Many clubs have begun their winter pool sessions for paddling and rolling practice. Although our local club does not sponsor formal lessons as part of the pool sessions, there is much that novice kayakers can gain from attending these events. If you’ve never tried a wet exit from any kayak or practiced re-entering a sea kayak, it would be wise for you to practice both of these skills in the warmth, comfort, and safety of a nice clean indoor pool. You should practice them again in the summer on your local lakes and rivers, but it’s always easier to try them for the first time in a pool. Even if you have already done wet exits and basic re-entries, you can use the pool time to experiment with some variations like using a stirrup and many other ways to re-enter your boat. It may also be a good idea to practice some more difficult wet exits. Can you get out of your kayak using just one hand? Do you always remember to hold onto the paddle and kayak after you exit? Can you remove the sprayskirt when the grab loop is tucked under the bungee of the spraydeck? In this last scenario, you should have a second person watching nearby for safety to help you get back upright if you find out that the answer is no. At the very least, make sure you are right next to the pool deck so that you can reach it and right yourself.
If you are a whitewater or sea kayaker who aspires to learn how to roll your kayak, you can be doing some important prep work on your own making it easier for you to learn when you have the opportunity to work with an instructor. Buy yourself some nose plugs or a dive mask, then plan to spend some serious time hanging upside down in your kayak. Try to see how long you can stay in your kayak before you have to wet exit (or if you have another person willing to work with you, they can help you get back upright rather than having to wet exit). The biggest obstacle to learning how to roll that I and other instructors have found is the inability to be relaxed underwater. You may be a scuba diver, lifeguard, or competitive swimmer, yet I have seen all three of these still get a little freaked out about being upside down in a kayak when doing a wet exit or learning to roll. You need to be relaxed enough that you can think and analyze what you are doing while underwater. Being relaxed also means that you can hold your breath longer, as well. I would also recommend that you dress warmer than you think you need to. If you only wear a swimsuit, you will get chilled after awhile and you will start tensing up even if you are not shivering. Don’t be embarrassed to wear a rash guard or even a wet suit in the pool. I also recommend wearing your life jacket since you will be wearing it when you paddle. You might as well get the feel of how the life jacket changes your buoyancy in the water. When you feel that you are able to completely relax in your boat, you can begin working on your “hip snap” which is the most critical part of a successful roll. The term “hip snap” is a bit of a misnomer, but whatever you want to call it, you need to have a good one. You can begin by holding on to the pool gutter or deck as you practice. Then you can try to use the bow of another paddler’s kayak. If this other paddler has a decent roll, they can probably give you some feedback on the quality of your hip snap. The final test is to be able to hip snap using just a life jacket or inflated paddle float in your hands. Once you can do that, you’ve practically got the roll mastered. I would recommend rereading a couple of my past blog posts about rolling. You can find them linked on my “Archived Blog Posts” page.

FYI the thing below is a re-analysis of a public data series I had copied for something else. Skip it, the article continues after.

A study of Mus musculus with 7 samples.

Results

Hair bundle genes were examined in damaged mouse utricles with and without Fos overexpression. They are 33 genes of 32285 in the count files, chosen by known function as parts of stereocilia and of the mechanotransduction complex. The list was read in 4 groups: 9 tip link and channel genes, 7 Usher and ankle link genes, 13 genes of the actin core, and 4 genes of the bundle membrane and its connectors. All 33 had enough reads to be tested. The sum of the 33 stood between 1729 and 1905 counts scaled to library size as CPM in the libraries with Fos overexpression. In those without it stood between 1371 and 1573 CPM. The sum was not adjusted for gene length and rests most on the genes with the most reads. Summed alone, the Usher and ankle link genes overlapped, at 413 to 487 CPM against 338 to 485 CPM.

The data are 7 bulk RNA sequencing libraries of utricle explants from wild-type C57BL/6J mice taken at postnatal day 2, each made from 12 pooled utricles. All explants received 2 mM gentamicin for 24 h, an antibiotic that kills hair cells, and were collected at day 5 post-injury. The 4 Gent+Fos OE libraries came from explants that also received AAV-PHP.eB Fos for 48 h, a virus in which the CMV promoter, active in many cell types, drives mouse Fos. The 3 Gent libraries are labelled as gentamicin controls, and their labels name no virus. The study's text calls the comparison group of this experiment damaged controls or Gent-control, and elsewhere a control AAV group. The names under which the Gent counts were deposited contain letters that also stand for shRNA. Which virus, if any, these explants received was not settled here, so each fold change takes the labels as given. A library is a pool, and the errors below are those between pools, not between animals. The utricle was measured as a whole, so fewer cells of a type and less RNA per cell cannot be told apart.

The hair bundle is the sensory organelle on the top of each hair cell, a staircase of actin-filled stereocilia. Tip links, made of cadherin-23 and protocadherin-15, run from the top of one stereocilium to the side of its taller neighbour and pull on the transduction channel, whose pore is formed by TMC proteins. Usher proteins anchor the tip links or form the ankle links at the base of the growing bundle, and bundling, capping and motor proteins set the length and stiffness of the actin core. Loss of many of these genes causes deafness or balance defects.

You still have a few days before Christmas to ask for that whitewater kayak which will be easier to transport to the pool. Jamee and Scott at the Bear Paw Outdoor Adventure Resort in White Lake, Wisconsin have some good deals on some consignment and demo kayaks. I’m buying one tomorrow. Check out www.bearpawoutdoors.com to see what they might have in stock. You can also check Craigslist, but I only saw one Dagger GT 7.5 listed within the last two weeks. It’s a good boat, though, if you are an average size paddler. I have a Dagger GT 7.5 myself. If you don’t have a smaller kayak (and won’t be getting one soon), you can still bring your sea kayak. In fact, for the paddle float and assisted re-entry practice, you will need to use your longer boat. Just make sure you get it nice and clean before bringing it to any pool session. Most of the sponsoring clubs are renting time from a school or fitness club pool. The pool owners don’t appreciate sticks, leaves, and sand in their filter systems and may cancel future pool sessions if participants are bringing dirty kayaks. So get out your vacuum cleaner and a bucket of warm soapy water and get that boat glistening!
There will most likely be pool sessions near you for the next three months. Make the most of your opportunities!